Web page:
Albert Einstein once wrote that: "The distinction between the past, present, and future is only a stubbornly persistent illusion." In a similar sense, time travel is a concept in protein evolution that shows the past and present versions of an enzyme existing in two different species today, which could open doors to designing future versions of the enzyme.
Researchers of the study, titled "Evolutionary Origins of Enzymatic Specificity and Dynamics," presented in the fall meeting of the American Chemical Society (ACS) 2021 how they used evolutionary time travel to trace the origins of an enzyme and learn how its evolution throughout the history, from being ancient organisms to modern-day humans.
SciTech Daily reported that the ACS Fall 2021 meeting is a virtual and in-person meeting conducted from August 22 to August 26 with on-demand content available for one month from August 30 to September 30. It is a meeting with more than 7,000 presentations that discusses various topics in the field of science.
Evolutionary Time Travel Reveals Ancient Forms of Enzymes
Study lead author Magnus Wolf-Watz, Ph.D. from Umeå University in Sweden, said that a person living in a certain area, like Rome, would like to learn the history of ancient Rome to better understand themselves and their culture.
Similarly, scientists want to conduct evolutionary time travel to a time when enzymes of today are at their ancient forms to understand their processes and how they can be improved to make new versions in the future.
Wolf-Watz and his team looked back around 2-3 billion years ago to the ancient organisms called archaea, a single-celled life form that still exists in the modern world. This organism has both the characteristics of a prokaryote and a eukaryote.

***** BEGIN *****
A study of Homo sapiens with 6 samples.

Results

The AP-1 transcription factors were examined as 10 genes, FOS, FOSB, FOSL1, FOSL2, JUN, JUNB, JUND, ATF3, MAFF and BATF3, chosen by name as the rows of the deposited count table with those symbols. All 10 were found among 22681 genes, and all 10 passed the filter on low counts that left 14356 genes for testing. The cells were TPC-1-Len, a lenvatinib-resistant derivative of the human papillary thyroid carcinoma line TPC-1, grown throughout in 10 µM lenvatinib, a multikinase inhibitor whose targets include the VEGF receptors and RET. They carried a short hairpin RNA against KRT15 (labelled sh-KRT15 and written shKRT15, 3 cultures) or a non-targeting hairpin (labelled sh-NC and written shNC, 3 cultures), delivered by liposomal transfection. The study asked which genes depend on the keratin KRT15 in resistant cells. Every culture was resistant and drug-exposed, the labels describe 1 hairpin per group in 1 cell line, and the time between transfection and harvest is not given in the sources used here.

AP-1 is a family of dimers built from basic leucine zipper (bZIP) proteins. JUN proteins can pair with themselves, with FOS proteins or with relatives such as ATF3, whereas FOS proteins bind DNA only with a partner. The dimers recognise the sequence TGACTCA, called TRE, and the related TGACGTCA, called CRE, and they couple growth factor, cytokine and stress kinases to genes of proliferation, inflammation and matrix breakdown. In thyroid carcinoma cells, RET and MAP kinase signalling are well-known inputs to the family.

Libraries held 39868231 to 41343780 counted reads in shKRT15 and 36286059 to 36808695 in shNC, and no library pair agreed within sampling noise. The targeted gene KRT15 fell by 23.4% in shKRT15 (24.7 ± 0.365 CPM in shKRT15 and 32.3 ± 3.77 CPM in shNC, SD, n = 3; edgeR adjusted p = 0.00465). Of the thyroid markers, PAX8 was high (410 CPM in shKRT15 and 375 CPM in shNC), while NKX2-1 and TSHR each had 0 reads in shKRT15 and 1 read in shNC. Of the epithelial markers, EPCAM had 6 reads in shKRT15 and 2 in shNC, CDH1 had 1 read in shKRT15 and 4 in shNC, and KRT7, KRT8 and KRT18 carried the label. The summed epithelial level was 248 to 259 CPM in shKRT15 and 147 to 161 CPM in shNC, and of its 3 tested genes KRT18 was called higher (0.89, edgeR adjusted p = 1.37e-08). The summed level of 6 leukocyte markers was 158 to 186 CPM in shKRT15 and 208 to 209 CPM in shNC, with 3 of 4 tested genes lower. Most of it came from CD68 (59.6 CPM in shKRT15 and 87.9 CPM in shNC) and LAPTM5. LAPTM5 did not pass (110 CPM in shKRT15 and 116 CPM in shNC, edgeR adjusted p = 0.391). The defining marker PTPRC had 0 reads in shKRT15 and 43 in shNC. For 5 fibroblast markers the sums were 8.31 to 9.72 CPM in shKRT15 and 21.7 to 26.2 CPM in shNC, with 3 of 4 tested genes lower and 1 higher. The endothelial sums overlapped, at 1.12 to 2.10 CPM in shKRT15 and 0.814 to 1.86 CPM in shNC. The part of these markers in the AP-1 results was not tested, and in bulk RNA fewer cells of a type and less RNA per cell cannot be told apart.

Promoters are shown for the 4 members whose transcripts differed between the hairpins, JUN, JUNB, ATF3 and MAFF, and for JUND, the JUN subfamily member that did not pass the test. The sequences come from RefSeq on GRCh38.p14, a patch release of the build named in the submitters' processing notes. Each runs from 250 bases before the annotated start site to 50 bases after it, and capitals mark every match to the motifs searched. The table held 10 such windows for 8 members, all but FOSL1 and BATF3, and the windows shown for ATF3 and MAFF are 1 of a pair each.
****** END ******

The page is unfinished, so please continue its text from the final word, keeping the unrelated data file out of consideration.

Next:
Its branch organism, known as Asgard archaea, was discovered six years ago in 2015; scientists have identified four more types of Asgard archaea, including Odin archaea found in the hydrothermal volcanoes in the Atlantic Ocean.
According to SciTech Daily, the team used X-ray crystallization and nuclear magnetic resonance spectroscopy to study two human types of Odin archaea's enzyme adenylate kinase (AK), the AK1 located in the cytoplasm and AK3 that resides in mitochondria.
This enabled the team to look at the structure of the AK enzyme and predict whether it will use adenosine triphosphate (ATP) or guanosine triphosphate (GTP). Then they examined a more ancient type of AK enzyme by purifying it and determining its structure to see how AK1 and AK3 evolved.
The team found a longer loop for discriminating ATP and GTP and has chemical groups that bind to either nucleotide substrates. That means it can use both ATP and GTP and use all naturally occurring nucleotide triphosphates (NTPs), but evolution has led it to become more specific for one of the nucleotide substrates.
Designing Future Versions of the Enzyme
Wolf-Watz said they could identify a universal NTP binding motif that could be the building block for the future designs of newer versions of the enzyme, SciTech Daily reported.
Researchers noted that novel enzymes from the archaeal AK could someday be useful in organic synthesis or new drugs to treat diseases. They also hope to examine Odin archaea and learn more about it to see how they might have evolved millions of years ago.
The team believes there is more to discover about these ancient life forms after studying one enzyme, pointing out that it is like digging through a treasure chest.